The Yocto build system allows creating custom Linux distributions for embedded systems. This article will briefly introduce its concepts and notable features. If you want to find out more, the article also links to more in-depth comparisons with similar build systems.
Yocto key terms
The Yocto Project is a workgroup initiated by the Linux Foundation in 2010. Its goal is to make it easier to develop Linux-based systems for embedded products. Its main product is an open source build system for creating custom embedded Linux distributions. Since 2011, its core is jointly maintained with the OpenEmbedded Project.
Yocto is the umbrella term representing the whole project, its organization and the technical ecosystem it consists of. The term Poky refers to Yocto’s example Linux distribution. It is a starting point for your own use of Yocto to create a custom distribution for your hardware target.
Bitbake finally is the name of a build tool written in Python. The tool parses recipe files and performs the various build tasks. It caches both downloads and build results in order to speed up repeated builds. While the first full build of a system image can take several hours, the following build times easily collapse down to minutes.
Structure of the Yocto build system
The Yocto build system basically comprises recipes, layers, and configuration files that are parsed by the Bitbake tool to produce a Linux file system image that can later be run on the target hardware.
Recipes are the most common file type in a Yocto build description. They contain instructions on how to configure, compile and deploy a given piece of software. Recipes also contain the location of the source code. This location can either be a static release archive, or a reference to a Git repository. Custom modifications to the sources themselves or the build process can be provided in form of patches. To minimize repetition for common tasks in recipes, such behaviour is encapsulated in recipe class files, from which recipes can inherit.
Layers split recipes into four logical groups. In each, different parts of the build result are configured:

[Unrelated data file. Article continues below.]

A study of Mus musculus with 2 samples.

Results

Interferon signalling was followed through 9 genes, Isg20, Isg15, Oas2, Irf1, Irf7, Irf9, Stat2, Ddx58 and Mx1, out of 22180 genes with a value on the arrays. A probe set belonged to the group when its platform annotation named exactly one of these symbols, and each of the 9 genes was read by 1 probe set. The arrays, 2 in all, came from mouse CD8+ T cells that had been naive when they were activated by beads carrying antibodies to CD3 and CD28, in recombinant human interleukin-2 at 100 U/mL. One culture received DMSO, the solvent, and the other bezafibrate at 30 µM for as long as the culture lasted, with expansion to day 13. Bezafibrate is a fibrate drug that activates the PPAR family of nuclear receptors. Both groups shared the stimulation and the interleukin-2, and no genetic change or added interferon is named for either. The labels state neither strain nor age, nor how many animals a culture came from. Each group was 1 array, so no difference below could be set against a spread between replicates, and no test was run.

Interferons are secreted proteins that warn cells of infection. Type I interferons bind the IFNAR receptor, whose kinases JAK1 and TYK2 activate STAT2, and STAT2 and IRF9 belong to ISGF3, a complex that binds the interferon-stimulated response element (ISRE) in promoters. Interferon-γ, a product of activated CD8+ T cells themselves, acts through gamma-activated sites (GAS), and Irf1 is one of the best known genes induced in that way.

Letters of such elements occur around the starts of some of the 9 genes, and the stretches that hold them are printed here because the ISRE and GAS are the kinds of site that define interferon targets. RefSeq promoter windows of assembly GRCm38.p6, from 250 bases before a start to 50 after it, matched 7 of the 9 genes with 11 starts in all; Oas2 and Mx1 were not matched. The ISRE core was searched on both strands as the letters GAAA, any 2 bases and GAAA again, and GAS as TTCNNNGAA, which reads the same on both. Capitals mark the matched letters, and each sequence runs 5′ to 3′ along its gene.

- The Base layer contains development tools and recipe classes for common behavior needed by most recipes. It is maintained by OpenEmbedded.
- The Software layer holds recipes for libraries and applications, ranging from server daemons to GUI toolkits.
- The Distribution layer contains recipes for generating system images, as well as definition of package groups.
- Finally, the Machine (BSP) layer bundles device-specific recipes. This includes not only drivers, but also overrides to software or distribution recipes.
Currently, the OpenEmbedded Layer Index lists a total of 269 layers, containing thousands of recipes.
Configuration files contain build and user specific information. At a minimum, a user must select which layers to use, the machine configuration and the name of a recipe to be built (usually a system image).
What sets Yocto apart from, say, a build environment based on Buildroot? To answer this question one may point to Yocto’s extensive tooling around the build system allows its users to tailor the build result to match exactly her needs. By changing a single line of configuration, you can support many different hardware platforms. Many hardware vendors have created the required board support packages (BSP).
Intelligent caching of build results is another key benefit of using the Yocto build system. While the first build takes several hours for fetching and compiling source code, all following builds only compile those software packages that did change in the meantime.
The article Build custom embedded Linux distributions with the Yocto Project guides you through your first build with Yocto.
If you seek more advanced material: the blog post on an plenary comparison of two platforms Deciding between Buildroot and Yocto summarizes their similarities and differences. As a bonus, the talk’s video recording and slides are available online as well.